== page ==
This is a study of agency in the field of criminal liability, considering the respective roles of individuals and organisations and the allocation of criminal responsibility to these different kinds of actor. The issue of criminal responsibility, which is informed by both the sociological analysis of conduct and by ethical considerations of responsibility, provides an important and revealing focus for discussion. Criminal Enterprise analyses criminal responsibility through three main types of organisation: corporate actors in the field of business activity, states and governments, and delinquent or criminal organisations; each of which is of contemporary significance. This analysis focuses on three particular issues:
- the theory of individual and corporate (or organisational) responsibility
- the attribution of legal personality, as a particular form of identity, in theory and across jurisdictions and legal orders
- the internal practice and operation of complex organisations and corporate actors and how an understanding of this sociology of organisations should be used in the construction of legal agency in the field of criminal law.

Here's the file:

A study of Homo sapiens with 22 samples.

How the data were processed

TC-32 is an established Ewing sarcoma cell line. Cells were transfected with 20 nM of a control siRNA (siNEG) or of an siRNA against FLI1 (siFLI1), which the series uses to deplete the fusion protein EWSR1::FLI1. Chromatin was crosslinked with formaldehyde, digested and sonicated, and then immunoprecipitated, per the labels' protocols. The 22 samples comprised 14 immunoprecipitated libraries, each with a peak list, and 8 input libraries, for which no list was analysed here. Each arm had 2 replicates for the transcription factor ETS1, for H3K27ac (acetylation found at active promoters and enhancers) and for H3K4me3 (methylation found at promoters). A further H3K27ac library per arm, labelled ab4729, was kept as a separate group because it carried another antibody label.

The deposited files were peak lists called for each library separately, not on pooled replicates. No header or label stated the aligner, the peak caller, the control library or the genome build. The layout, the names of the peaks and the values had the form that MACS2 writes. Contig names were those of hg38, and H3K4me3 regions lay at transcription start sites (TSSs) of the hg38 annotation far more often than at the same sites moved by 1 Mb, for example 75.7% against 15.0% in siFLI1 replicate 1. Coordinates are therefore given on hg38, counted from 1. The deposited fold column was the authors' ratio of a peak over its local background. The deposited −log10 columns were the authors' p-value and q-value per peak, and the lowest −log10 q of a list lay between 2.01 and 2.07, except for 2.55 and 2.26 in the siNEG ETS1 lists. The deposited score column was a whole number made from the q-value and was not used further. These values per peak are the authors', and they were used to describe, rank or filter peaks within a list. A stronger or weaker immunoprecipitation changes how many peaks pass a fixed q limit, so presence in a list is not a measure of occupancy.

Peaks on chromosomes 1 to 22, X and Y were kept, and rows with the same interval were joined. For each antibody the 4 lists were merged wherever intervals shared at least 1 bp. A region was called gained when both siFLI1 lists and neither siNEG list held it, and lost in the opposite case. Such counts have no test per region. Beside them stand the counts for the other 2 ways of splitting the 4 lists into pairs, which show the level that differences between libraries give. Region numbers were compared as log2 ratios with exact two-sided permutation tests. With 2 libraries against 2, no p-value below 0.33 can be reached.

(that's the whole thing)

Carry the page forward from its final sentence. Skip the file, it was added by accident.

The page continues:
Table of Contents
Preface 1. Introduction: searching for the responsible criminal actor Part I: Theory - the individual-organisation dilemma Introductory note 2. The organisation in contemporary society 3. Agency: the philosophy of the collective 4. Legal routes to responsibility 5. Models of responsibility Part II: Contexts - paradigmatic sites for individual and organisational interaction Introductory note 6. Human or corporate? Allocating responsibility for business conspiracy 7. Delinquency within structures of governance 8. The legal control of criminal organisations Part III: Criminal organisation and criminal enterprise Introductory note 9. The organisation as an autonomous criminal actor 10. The criminal enterprise as facilitating framework
Christopher Harding is Professor of Law at Aberystwyth University, Wales.